Some 58 kids, from age 8 to 14, dragged wooden chairs into a circle Wednesday at the Vermilionville Living History Museum and Folklife Park and performed for Grammy-winner Jo-El Sonnier and Roddie Romero, two prominent Cajun musicians who helped the budding musicians.

The kids played “La porte d’en arrière” on their guitars, fiddles and accordions for the adult professionals.

The youngsters are part of the weeklong Cajun & Creole Summer Camp for Kids. They sang, danced and learned about many things Cajun and Creole, including cuisine. The music classes were taught by a number of Cajun musical legends, including Brazos Huval, a Grammy winner; Dave Trainer; Corey “Lil’ Pop” Ledet; and Jonno Frishberg.

“As I got into music, I started playing not just for my mama but for my culture and for the world and the people around me,” Sonnier told the campers.

Guitars and fiddles were apparently the favorite instruments, with only three or four campers attending the camp for accordion. All were divided into groups to practice playing as bands.

One fiddler, Paige LeBlanc, 12, began her musical adventure seven years ago so she could be closer to her brother.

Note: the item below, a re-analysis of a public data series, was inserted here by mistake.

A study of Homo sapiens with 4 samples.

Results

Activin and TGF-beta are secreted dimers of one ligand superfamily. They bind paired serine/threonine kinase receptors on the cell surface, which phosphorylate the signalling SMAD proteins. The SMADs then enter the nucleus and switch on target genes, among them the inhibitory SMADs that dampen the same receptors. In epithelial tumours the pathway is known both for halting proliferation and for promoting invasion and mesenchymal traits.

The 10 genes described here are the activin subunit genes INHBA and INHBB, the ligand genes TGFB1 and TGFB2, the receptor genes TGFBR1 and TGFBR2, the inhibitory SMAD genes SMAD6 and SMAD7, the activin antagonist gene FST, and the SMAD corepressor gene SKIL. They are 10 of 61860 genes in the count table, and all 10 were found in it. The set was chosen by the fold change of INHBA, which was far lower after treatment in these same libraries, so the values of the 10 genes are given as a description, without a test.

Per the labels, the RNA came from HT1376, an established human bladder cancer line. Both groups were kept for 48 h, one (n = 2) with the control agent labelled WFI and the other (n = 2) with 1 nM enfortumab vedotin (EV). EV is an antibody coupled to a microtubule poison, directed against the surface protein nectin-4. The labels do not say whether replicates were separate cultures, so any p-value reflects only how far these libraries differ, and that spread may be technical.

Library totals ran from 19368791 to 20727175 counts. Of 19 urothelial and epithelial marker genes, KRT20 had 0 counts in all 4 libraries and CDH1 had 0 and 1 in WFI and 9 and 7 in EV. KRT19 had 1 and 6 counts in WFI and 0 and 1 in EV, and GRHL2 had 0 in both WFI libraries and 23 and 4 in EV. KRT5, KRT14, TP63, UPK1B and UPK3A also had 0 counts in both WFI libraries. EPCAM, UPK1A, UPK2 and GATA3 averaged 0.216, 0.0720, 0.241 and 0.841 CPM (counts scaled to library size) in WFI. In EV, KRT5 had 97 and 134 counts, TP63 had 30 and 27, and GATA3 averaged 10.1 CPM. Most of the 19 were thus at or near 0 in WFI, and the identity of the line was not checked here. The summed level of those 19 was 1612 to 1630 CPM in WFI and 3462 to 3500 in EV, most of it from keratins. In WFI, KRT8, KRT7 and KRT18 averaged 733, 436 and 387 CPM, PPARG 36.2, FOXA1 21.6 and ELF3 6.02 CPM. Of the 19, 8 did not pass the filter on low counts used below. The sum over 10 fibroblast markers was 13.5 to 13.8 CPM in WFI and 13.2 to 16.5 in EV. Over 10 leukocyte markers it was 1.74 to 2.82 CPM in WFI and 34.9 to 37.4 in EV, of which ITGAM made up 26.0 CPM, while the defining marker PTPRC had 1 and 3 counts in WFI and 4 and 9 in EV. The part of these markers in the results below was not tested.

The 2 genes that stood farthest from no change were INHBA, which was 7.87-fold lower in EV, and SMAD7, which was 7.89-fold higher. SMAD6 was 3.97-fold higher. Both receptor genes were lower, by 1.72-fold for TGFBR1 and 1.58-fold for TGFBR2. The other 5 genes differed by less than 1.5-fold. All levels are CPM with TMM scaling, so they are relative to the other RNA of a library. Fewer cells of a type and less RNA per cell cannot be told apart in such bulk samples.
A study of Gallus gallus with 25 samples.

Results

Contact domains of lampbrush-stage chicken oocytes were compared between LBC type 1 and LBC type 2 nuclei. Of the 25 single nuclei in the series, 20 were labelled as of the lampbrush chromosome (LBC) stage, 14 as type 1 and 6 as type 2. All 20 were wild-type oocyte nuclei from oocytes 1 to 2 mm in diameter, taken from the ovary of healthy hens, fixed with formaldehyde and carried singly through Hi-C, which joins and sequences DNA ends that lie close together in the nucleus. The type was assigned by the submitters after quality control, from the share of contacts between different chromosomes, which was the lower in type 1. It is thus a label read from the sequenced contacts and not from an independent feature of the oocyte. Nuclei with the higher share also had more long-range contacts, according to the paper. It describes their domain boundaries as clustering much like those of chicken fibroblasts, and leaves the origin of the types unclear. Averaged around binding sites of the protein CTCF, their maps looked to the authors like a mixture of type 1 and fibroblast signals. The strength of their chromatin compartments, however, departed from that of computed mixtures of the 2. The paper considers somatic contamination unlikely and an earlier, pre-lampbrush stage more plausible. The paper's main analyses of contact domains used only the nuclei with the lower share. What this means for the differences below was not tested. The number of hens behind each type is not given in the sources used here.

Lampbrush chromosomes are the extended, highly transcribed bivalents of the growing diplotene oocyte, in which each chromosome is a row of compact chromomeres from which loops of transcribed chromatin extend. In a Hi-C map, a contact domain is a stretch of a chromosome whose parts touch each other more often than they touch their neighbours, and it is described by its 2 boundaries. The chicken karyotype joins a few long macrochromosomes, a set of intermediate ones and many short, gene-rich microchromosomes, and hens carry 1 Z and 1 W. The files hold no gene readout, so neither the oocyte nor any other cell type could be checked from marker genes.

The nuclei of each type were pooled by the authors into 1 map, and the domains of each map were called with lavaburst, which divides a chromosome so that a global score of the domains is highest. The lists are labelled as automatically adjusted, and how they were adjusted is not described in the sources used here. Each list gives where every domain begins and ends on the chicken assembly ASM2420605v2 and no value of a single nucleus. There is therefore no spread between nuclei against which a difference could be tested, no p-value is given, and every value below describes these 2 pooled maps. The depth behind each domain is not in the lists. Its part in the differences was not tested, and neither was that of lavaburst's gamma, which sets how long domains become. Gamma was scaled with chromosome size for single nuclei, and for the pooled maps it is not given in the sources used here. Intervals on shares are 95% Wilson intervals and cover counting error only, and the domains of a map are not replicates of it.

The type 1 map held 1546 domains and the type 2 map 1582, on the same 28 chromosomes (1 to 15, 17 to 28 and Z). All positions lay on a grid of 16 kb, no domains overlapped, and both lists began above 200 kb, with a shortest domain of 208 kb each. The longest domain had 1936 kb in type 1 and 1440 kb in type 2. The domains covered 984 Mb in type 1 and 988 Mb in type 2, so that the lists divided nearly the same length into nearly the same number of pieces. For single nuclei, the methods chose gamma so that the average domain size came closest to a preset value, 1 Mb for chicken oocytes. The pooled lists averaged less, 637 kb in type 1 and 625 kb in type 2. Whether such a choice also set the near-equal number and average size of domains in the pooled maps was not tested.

“My brother didn’t have anything to do, so he started playing guitar. So me and my sister wanted to join him, so we started playing fiddle,” Paige said.

Julian Gaudet, an 11-year-old guitar player from Austin, Texas, said she’s having fun “because not only do we play music a lot but we also do arts and crafts and learn about Louisiana, music traditions and other things like that.”

The idea for the camp came nine years ago from Henry Hample, an educator and Cajun musician, said Todd Mouton, executive director for Louisiana Folk Roots, which put on the camp. A grant from the National Endowment for the Arts helped start it.

“The idea was just to bring young people together to have fun and to celebrate the culture. And over the course of doing it, it’s kind of become a musician’s camp,” Mouton said.

“Not only do young people learn so fast, but when they’re around other people, it’s like they’re swimming in a school of fish: You’re faster, you’re quicker, it’s kind of subconscious,” he said.

In 2006, the camp’s first year, 18 kids attended the first camp week and 13 kids attended the second week. This year, 58 young musicians showed up for the camp, which concludes Thursday with a camper-parent dance and a band showcase.

“The kids have gotten really good,” Mouton said. “The only requirement was that you had to have an instrument and we’d help show you how to play it. And if you already know how to play, we’d help show you how to play better.”